BLU-RAY REVIEW: FELLINI – SATYRICON (1970) / CERT: 18 / DIRECTOR: FEDERICO FELLINI / SCREENPLAY: FEDERICO FELLINI, BERNARDIO ZAPPONI / STARRING: MARTIN POTTER, HIRAM KELLER, MAX BORN, SALVO RANDONE / RELEASE DATE: APRIL 27TH
Written and directed by Federico Fellini, and very loosely based on the novel of the same name by Petronius, Satyricon is a satirical epic in the guise of ancient Roman excess. It’s a disjointed narrative that blends the fantastical with a send up of Roman culture and its mythology. Whatever you think of Fellini’s thematically dense and often overblown productions, you can’t deny his rightful claim to Eureka’s Masters of Cinema collection.
Even from the opening with Encolpio’s (Potter) operatic soliloquy to camera, you know you’re in a pantomime world, one of pure cinematic construction. It’s a staggering production, filled with opulent sets, both evocative and at other times unsettling.
Like the rich myth and art of ancient Rome, Satyricon is homoerotic to the umpteenth degree, and for much of the film it sees its two main characters competing for the love of the young boy Gitone. When asked why he didn’t cast Italian actors for the lead roles (instead opting for the English Potter and American Hiram Keller), Fellini infamously replied that there are no Italian homosexuals.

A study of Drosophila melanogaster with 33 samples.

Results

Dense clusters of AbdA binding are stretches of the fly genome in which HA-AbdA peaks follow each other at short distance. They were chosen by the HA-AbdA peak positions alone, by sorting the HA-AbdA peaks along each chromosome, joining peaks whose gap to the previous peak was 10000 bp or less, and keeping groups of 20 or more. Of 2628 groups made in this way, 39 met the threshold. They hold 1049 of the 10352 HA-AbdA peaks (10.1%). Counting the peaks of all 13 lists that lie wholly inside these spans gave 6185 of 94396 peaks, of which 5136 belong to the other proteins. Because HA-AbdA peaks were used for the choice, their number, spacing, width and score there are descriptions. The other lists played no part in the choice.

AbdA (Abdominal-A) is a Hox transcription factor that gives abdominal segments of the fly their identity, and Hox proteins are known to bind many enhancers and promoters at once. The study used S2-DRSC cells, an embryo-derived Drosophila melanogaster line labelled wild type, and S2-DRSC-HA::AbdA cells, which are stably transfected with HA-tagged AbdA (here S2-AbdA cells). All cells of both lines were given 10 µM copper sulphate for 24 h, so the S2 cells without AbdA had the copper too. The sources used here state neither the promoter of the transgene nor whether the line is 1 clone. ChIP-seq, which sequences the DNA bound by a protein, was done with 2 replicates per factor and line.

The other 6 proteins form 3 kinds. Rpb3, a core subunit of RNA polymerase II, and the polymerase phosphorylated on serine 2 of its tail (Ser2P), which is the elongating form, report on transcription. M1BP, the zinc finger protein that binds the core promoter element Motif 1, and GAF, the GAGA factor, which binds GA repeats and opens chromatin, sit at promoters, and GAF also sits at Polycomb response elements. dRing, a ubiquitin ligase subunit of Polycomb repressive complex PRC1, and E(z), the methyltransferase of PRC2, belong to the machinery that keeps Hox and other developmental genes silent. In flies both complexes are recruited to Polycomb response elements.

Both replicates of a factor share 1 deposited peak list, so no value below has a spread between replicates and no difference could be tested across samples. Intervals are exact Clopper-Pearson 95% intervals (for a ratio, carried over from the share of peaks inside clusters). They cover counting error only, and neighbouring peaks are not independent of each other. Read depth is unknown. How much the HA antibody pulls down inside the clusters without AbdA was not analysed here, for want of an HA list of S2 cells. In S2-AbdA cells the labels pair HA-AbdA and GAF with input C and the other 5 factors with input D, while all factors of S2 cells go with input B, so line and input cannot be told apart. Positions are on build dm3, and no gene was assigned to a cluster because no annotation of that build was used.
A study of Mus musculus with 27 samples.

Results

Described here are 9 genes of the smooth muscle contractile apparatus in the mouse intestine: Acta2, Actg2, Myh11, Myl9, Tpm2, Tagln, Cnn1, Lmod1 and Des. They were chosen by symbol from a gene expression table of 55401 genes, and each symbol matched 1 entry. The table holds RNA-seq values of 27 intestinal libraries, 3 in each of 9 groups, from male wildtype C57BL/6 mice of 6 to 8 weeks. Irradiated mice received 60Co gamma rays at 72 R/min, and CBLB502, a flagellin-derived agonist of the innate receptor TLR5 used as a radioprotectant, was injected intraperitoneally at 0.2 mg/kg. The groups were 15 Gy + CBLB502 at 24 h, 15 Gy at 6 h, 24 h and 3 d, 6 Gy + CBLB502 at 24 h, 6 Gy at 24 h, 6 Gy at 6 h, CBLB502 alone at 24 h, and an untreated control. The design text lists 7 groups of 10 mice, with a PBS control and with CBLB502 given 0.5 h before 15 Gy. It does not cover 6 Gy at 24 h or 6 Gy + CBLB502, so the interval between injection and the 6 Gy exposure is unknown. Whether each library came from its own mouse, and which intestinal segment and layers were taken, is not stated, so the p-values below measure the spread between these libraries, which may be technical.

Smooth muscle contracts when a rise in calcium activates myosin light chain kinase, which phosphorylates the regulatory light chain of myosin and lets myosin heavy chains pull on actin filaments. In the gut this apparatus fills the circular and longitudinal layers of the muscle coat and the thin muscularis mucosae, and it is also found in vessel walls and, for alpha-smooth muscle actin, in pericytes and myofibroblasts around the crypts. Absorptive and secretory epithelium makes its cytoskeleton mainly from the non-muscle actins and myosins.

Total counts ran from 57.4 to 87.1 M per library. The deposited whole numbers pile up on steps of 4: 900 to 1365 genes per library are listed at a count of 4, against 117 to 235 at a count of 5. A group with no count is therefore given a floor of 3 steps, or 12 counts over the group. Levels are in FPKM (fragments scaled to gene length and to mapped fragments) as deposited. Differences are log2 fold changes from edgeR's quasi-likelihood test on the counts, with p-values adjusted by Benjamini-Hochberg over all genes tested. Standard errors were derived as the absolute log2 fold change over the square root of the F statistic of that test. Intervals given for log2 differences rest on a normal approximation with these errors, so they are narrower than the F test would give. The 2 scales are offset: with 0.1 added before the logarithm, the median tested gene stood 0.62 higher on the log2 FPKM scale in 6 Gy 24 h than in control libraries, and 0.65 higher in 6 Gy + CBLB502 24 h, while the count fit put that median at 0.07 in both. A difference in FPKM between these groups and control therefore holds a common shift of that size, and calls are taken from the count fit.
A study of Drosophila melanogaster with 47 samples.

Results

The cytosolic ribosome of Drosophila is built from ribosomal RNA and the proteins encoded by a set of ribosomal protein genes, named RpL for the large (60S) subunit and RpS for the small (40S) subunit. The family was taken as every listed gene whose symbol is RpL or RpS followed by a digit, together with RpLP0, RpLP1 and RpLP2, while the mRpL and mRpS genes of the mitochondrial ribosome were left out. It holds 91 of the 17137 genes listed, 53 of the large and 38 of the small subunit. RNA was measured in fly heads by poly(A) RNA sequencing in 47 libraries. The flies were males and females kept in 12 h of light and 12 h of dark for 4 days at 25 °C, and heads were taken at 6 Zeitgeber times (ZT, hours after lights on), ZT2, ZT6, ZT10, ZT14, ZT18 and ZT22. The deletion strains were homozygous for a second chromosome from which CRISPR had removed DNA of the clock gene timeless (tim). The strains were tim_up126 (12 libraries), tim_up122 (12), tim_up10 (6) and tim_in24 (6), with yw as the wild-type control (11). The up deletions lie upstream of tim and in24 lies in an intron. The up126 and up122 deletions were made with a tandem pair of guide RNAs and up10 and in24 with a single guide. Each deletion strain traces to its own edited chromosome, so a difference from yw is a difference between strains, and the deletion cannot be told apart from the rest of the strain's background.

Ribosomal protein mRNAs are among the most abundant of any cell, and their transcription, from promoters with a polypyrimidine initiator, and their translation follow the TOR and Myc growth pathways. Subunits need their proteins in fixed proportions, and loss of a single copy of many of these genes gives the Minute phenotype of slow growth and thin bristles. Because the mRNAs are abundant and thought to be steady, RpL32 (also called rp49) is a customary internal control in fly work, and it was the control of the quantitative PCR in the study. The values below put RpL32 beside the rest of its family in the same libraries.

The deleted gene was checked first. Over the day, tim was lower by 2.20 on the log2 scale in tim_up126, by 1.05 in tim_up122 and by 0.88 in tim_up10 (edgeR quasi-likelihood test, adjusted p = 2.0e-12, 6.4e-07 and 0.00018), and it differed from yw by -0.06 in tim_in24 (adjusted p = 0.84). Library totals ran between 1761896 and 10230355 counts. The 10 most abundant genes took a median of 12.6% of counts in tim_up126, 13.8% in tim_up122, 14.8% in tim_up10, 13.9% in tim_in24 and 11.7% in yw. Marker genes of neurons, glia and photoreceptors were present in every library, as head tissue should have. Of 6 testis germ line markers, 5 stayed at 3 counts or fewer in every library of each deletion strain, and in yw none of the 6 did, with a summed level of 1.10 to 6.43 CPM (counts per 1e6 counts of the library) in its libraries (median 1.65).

Director of photography Giuseppe Rotunno masterfully uses shadow and constructs awing images. It’s a very textual film, with deep layered shots and plenty going on at the sides and background. Perhaps most arresting, though, is the impressive effects and detailed backdrops. It’s easy to forget it was made in 1969.
There’s an option for the dreadful English language dub track, if you’re so inclined, though, the original Italian dub is clunky and out of synch. But co-screenwriter Bernardino Zapponi has claimed that Fellini deliberately used dubbing that was out of synch to perpetuate the estrangement he had always envisioned at the heart of the film.
In terms of narrative, Satyricon remains an enigma, one not to be taken literally or thought of linearly. But taken purely as cinema, it’s one of the most visually playful, inventive and striking films, and certainly a highpoint of visual wizardry Fellini never quite topped again.
Extras: Optional English soundtrack / 48-page booklet.